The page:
BERLIN, May 3 (UPI) -- European leaders Monday defended an unprecedented $145 billion loan package for Greece, arguing the money was needed to stabilize the euro and protect the European economy.
"We are not only helping Greece but we stabilize the euro and thus help people in Germany," German Chancellor Angela Merkel said Monday in Berlin, shortly after her Cabinet green-lighted a plan to give Greece $30 billion as part of a wider bailout to avoid the country's bankruptcy. The German contribution is the highest of the 16-member eurozone.
French Finance Minister Christine Lagarde told Europe-1 radio Monday the package was "not a donation, not a subsidy" but a loan that would be repaid.
European governments and the International Monetary Fund agreed to the $145 billion loan package over three years for Greece on Sunday, with governments rushing to pass legislation so that the money can be unlocked.
"We have to protect our country and Europe from taking damage," said Guido Westerwelle, German foreign minister and vice chancellor. "Protecting the currency is politically of utmost importance."
The remarks by the officials were a nod to voters in Germany, who are largely opposing bailing out Greece with public money.
The government parties face a crucial election Sunday in North Rhine-Westphalia, Germany's most populous state and Merkel has insisted that Athens commit to a new austerity program -- which, to great relief, was unveiled Saturday -- to appease German voters.
German Finance Minister Wolfgang Schaeuble told Monday's Bild newspaper that German taxpayers won't have to pay extra taxes to stabilize the Greek budget.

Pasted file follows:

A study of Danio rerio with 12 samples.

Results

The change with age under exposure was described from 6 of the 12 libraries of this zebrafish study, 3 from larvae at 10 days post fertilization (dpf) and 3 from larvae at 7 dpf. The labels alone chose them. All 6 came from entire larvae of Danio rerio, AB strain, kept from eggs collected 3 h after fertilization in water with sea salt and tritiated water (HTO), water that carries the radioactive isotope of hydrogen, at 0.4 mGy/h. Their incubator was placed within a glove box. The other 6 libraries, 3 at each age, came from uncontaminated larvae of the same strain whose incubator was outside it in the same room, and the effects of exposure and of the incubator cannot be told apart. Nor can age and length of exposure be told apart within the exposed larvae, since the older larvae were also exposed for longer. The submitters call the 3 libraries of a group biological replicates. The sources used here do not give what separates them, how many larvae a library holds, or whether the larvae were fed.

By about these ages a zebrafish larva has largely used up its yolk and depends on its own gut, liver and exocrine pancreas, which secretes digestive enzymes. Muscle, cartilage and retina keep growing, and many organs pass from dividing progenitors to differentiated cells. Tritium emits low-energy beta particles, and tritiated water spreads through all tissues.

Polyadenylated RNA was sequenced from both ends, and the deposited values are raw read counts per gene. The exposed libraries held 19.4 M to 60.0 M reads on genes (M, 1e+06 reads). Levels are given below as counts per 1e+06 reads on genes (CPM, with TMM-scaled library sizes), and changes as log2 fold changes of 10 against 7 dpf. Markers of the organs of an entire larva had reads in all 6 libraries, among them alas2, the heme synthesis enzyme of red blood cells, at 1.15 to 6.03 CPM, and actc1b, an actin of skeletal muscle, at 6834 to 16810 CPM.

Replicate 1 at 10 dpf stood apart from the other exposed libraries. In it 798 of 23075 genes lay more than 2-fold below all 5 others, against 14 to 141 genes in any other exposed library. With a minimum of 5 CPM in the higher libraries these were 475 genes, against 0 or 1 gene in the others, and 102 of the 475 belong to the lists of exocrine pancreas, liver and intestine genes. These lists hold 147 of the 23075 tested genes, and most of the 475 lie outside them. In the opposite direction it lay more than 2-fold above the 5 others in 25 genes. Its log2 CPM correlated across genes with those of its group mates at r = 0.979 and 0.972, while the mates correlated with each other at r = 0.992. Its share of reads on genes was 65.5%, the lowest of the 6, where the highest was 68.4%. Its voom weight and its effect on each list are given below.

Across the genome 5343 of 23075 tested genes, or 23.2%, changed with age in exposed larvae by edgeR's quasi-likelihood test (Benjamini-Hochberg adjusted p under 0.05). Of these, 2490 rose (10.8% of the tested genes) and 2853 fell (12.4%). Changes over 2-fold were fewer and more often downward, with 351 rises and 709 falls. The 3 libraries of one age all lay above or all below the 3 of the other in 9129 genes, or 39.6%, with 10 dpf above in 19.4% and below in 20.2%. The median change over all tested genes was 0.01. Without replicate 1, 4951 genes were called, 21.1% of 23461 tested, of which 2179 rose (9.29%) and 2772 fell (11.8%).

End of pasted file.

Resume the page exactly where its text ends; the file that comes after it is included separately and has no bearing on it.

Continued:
The rescue package, he said, is "sufficient to stabilize the country on a long-term basis." He added, however, that more funds could be made available if necessary.
Yet Schaeuble warned Greece that the "smallest deviation" from its austerity plan "would have consequences, that much is clear."
Economic experts are much more pessimistic, however.
The austerity measures have sparked demonstrations in Greece, with people there moving savings out of the country, further slowing domestic spending.
"If investors are doubting that they'll get their money back, then states will not get it, that's sure," Hans-Werner Sinn, a leading German economic expert, told Bild. "The money is at risk. I fear that Greece will bank on getting a debt relief."
Economist Ulrich Blum told Bild that Greece will need "help by the eurozone states until at least 2015." He added: "The need for debt conversion will then amount to around $260 billion. It will take at least until 2020 to lower its debts to a normal standard."
Greece needs more than $13 billion to cover debt coming due May 19. Athens has around $400 billion in overall debt, with $72 billion coming due in 2010.